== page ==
I'm currently in Niagara-on-the-Lake for the Shaw Festival and the annual conference of the International Shaw Society.
My first day here in Canada, I saw Niagara Falls (IMPRESSIVE!) and then the festival's production of Androcles and the Lion.
Well, it's hard to top the Falls, but Shaw's little play can also be impressive. I was particularly struck by the Emperor claiming that he is the one being oppressed, not the Christians he is throwing to the lions. Alas, it is nothing new for those in power to practice the politics of resentment, claiming they are the ones being mistreated. (Sad.)
The production was rather... unconventional. It utilized audience interaction in ways that sometimes worked, but at times seemed unnecessary. Unfortunately, the show got panned in a review I read beforehand, so I went in with low expectations. To my surprise, though, the cast won me over, and I enjoyed the play quite a bit.
Yesterday, Tim Carroll, the new artistic director of the Shaw Festival, addressed the conference attendees. He was also the director of not just Androcles and the Lion, but also Saint Joan, which I saw that afternoon. It was a modernized, stripped-down production of the play, similar to the Bedlam production of Saint Joan I saw (and loved) a few years ago. Sara Topham played the title role, and was quite good.
We've also had a number of interesting speakers at the conference address issues in Saint Joan. Stanley Weintraub talked about how Shaw had presented a scene very similar to the play's epilogue in a short story called "The Emperor and the Little Girl." Brad Kent then spoke about Saint Joan and affect, hopefully pushing back against the appropriation of Joan of Arc's image by certain right-wing groups in France, a fact he acknowledged in his presentation. Mary Christian gave a very interesting paper on Joan as a middle-class heroine, pointing out that in the play she is neither a peasant nor a princess, but someone from the mid-level of society.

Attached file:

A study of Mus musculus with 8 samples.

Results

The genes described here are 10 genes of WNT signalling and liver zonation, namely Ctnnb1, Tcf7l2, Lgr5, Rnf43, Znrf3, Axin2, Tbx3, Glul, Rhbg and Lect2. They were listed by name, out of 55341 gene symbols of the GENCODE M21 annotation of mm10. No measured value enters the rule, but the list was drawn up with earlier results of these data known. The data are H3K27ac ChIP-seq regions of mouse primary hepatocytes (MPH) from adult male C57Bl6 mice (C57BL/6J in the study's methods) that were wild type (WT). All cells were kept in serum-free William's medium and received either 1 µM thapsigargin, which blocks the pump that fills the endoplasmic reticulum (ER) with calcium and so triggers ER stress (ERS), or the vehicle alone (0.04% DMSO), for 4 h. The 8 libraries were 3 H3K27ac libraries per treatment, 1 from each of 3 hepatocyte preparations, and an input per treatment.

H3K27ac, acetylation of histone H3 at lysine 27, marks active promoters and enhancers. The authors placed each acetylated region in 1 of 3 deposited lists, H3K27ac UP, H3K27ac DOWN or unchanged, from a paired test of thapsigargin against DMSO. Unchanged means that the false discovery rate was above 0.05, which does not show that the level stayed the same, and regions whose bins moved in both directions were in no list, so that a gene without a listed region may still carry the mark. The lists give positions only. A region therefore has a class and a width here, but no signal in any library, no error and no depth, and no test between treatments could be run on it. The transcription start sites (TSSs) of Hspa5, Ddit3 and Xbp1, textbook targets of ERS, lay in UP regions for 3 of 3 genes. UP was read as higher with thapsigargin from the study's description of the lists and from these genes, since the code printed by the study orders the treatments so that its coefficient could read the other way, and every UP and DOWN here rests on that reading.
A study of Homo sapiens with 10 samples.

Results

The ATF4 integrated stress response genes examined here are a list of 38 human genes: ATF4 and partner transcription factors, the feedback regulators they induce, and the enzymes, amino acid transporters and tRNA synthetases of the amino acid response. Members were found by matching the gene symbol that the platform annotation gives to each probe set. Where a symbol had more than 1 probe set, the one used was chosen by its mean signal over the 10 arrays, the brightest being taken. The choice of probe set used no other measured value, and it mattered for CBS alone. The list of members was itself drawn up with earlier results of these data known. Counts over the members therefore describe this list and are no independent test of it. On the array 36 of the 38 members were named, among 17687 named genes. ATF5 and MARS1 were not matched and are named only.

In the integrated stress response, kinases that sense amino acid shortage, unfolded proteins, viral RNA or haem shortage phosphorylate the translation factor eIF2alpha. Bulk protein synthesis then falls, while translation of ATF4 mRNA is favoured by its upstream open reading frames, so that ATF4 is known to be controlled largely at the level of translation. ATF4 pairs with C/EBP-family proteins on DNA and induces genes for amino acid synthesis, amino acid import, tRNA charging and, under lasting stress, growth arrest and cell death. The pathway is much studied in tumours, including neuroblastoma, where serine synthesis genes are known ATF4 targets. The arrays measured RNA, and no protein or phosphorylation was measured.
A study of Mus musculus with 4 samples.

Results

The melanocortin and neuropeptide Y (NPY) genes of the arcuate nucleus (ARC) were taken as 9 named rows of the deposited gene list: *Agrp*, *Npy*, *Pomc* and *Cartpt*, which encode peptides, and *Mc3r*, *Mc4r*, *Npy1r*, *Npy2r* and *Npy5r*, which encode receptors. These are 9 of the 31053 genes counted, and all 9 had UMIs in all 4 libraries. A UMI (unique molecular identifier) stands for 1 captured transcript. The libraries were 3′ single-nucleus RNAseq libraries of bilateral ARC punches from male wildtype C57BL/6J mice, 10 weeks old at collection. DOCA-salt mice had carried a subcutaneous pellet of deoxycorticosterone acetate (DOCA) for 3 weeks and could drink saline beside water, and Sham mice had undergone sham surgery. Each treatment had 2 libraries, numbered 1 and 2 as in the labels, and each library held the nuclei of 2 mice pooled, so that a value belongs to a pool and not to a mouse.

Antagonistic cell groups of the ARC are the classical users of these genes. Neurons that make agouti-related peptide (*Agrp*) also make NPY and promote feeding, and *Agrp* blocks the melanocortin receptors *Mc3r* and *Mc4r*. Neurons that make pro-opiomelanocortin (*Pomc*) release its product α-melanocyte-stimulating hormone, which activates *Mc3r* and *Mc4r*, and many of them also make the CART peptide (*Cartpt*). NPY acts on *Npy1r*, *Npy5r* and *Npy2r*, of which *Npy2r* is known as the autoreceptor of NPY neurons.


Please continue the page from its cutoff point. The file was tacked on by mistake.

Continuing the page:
Most relevant to my own academic work on star performers, Robert Gaines spoke about the London production of Saint Joan with Sybil Thorndike. Shaw and Lewis Casson co-directed the production. Casson and Thorndike had been acting in a commercial hit by Henry Arthur Jones called The Lie but walked away from it in order to take a chance on Shaw's play. That risk paid off, and Saint Joan became an enormous success, with people lining up as early as 5 am just to get tickets.
Shaw felt that the epilogue to the play was absolutely necessary. When I first read the piece, I didn't agree, but after seeing the epilogue performed so successfully both by Bedlam and by the Shaw Festival, I can't imagine the play without it.
My own Joan of Arc play, Dark Night of the Soul, will have a reading in September. My take on the character is quite different from Shaw's, but seeing his play once again has given me renewed appreciation for what he did with the material.
Tomorrow, I give my presentation on Major Barbara. Wish me luck!